Essential tremor is a condition that causes parts of the body to shake involuntarily. Seven million people in the United States live with this condition, which is often confused with Parkinson's disease. Essential tremors can affect men and women of any age, although they are more common in older adults. Parts of the body most often affected by tremors are legs, arms, trunk or abdomen, and head. In some cases, the voice may shake when speaking. While there is no definitive cure for essential tremor, several treatments may help.
Physical exhaustion can be a major contributor to essential tremors. It does not directly cause the condition, but inadequate sleep can worsen episodes. Getting a good, full night's sleep every night can help lessen this problem. It may help to make a sleep schedule with a routine for bed and wake times. This ensures the individual gets the right amount of sleep.
Some essential tremors occur due to high emotions or stress. To avoid this, you can employ certain relaxation techniques, including simply sitting in a quiet place and breathing slowly and fully from the abdomen for a short period. Muscle relaxation exercises -- tensing and them completely relaxing each muscle one by one -- can get rid of tightness and promote relaxation. Meditation can also help by clearing the mind and encouraging calm.
Some medications can make essential tremors worse. Pills for epilepsy, for example, can cause more tremors in the body. Some antidepressants have the same effect, as do inhalers for asthma and other conditions. If you suspect medications could be contributing to a rise in essential tremors, speak to your doctor. Never change or stop taking medications without first consulting a medical professional.
Caffeine can make anyone feel extra jittery, so it is no surprise that it is one of the substances best avoided if you have essential tremors. Drinks like coffee and energy drinks can make the condition much worse and cause unnecessary discomfort. Cutting out foods and drinks that include caffeine, such as some soft drinks and some chocolate, can go a long way toward lessening the intensity of the tremors.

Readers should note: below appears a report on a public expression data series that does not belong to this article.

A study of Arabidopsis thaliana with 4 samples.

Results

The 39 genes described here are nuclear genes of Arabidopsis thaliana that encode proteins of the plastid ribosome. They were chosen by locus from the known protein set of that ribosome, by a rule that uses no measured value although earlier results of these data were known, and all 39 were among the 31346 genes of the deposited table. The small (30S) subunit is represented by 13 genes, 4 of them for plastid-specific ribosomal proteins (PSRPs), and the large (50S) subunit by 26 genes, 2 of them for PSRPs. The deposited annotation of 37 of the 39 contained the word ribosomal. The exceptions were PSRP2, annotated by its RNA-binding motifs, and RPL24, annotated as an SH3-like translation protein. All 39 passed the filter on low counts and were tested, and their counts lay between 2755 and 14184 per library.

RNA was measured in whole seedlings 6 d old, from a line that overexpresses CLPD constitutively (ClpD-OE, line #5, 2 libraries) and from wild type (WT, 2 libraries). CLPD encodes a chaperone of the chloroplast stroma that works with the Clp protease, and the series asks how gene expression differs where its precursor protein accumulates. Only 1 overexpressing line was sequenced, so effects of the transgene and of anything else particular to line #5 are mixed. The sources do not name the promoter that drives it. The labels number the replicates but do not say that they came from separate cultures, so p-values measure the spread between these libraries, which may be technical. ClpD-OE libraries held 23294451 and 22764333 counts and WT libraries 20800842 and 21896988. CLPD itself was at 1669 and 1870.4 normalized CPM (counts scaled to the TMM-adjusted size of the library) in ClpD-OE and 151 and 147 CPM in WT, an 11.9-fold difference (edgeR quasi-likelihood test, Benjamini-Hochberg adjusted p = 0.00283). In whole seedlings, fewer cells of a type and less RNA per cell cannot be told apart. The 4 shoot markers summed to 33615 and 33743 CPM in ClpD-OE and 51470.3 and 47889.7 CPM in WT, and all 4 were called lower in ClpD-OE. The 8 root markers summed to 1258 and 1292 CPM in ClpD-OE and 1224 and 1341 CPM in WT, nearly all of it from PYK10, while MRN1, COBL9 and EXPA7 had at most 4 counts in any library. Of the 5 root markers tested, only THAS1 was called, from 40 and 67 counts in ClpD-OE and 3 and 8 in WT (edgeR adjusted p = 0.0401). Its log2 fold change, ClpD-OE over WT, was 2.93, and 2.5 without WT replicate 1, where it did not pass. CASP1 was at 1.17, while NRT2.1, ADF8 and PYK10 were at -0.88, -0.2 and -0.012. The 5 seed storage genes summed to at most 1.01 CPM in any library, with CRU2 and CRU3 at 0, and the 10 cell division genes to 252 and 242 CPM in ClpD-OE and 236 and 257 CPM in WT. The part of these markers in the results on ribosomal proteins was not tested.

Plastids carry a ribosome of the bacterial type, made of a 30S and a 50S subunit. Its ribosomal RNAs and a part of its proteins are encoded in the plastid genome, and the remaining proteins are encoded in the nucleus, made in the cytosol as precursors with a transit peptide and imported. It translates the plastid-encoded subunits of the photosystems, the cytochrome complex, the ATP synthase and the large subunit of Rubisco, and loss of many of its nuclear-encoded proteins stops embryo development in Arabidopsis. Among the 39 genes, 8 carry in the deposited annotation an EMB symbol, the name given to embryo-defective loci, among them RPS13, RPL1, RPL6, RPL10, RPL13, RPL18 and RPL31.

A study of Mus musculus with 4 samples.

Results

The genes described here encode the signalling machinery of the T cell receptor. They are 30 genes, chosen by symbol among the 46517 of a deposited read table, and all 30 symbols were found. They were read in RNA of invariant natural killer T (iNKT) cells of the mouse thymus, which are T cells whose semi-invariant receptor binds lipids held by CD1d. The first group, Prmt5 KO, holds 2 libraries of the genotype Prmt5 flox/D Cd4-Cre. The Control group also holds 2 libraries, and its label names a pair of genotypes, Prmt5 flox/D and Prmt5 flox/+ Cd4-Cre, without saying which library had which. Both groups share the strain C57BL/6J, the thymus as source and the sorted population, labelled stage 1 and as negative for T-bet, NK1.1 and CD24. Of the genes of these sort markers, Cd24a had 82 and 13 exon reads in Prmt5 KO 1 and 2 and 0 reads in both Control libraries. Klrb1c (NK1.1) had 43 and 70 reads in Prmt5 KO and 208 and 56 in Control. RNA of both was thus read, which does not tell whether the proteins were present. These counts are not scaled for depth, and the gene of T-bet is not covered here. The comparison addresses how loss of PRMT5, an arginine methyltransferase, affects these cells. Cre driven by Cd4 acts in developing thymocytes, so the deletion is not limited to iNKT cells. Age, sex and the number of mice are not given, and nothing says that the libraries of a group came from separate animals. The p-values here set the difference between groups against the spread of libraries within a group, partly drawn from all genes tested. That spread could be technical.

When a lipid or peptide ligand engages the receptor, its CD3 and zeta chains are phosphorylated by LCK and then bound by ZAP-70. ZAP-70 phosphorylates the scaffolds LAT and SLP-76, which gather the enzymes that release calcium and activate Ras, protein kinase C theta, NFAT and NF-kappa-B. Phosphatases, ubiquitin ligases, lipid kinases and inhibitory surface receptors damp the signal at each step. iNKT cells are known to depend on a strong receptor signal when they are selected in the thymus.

Beta blockers are typically used to treat high blood pressure. In some cases, they may treat tremors as well, by stabilizing the body. Beta blockers can cause side effects such as lightheadedness and fatigue, however, and should not be used by people with heart or respiratory problems.
This one might sound a bit strange, but the same injectable botulin that can smooth out lines and wrinkles can also treat a large number of physical conditions. It is a proven treatment for bladder problems, migraines, and excessive sweating, as well as head, hand, and voice tremors. It does have some side effects, however. Many people who use cosmetic injections for voice tremors may find that it causes difficulty with swallowing and a raspier voice. When used for hand tremors, it may lead to weakness in the fingers or wrists.
Focused high-intensity ultrasound uses magnetic resonance images (also known as MRI) to focus ultrasound waves that then destroy the damaged tissue in the thalamus that causes essential tremor. This may sound like a bizarre, complex treatment, but it is more simple than it appears, and is non-invasive. The patient can be awake throughout the entire procedure.
In some cases, tranquilizers can treat essential tremor. These should only be taken under the instruction and care of a doctor, though, as some are known antidepressants, which may cause further problems for people with essential tremor. Tranquilizers essentially calm the body to a point where it does not tremble or shake as often, providing temporary relief.
While it may sound extreme, there is a surgical option to treat essential tremor; deep brain stimulation (DBS) consists of surgically implanting electrical leads in the thalamus, which controls the muscles and is thought to be from where essential tremors originate. This surgery is for people who do not get better with other, more conventional medical therapies.
Occupational therapy helps one adjust to living with a condition such as essential tremor. In this case, it involves working with an occupational therapist to make some lifestyle changes to improve livelihood. For example, the therapist may recommend buying eating utensils that have bigger handles, that are easier to hold. Pull-on clothes with no buttons can also make life easier, as tremors can make it almost impossible to do up or undo buttons. Wearing weights on the wrists may also help hand stability.
This site offers information designed for educational purposes only. You should not rely on any information on this site as a substitute for professional medical advice, diagnosis, treatment, or as a substitute for, professional counseling care, advice, diagnosis, or treatment. If you have any concerns or questions about your health, you should always consult with a physician or other healthcare professional.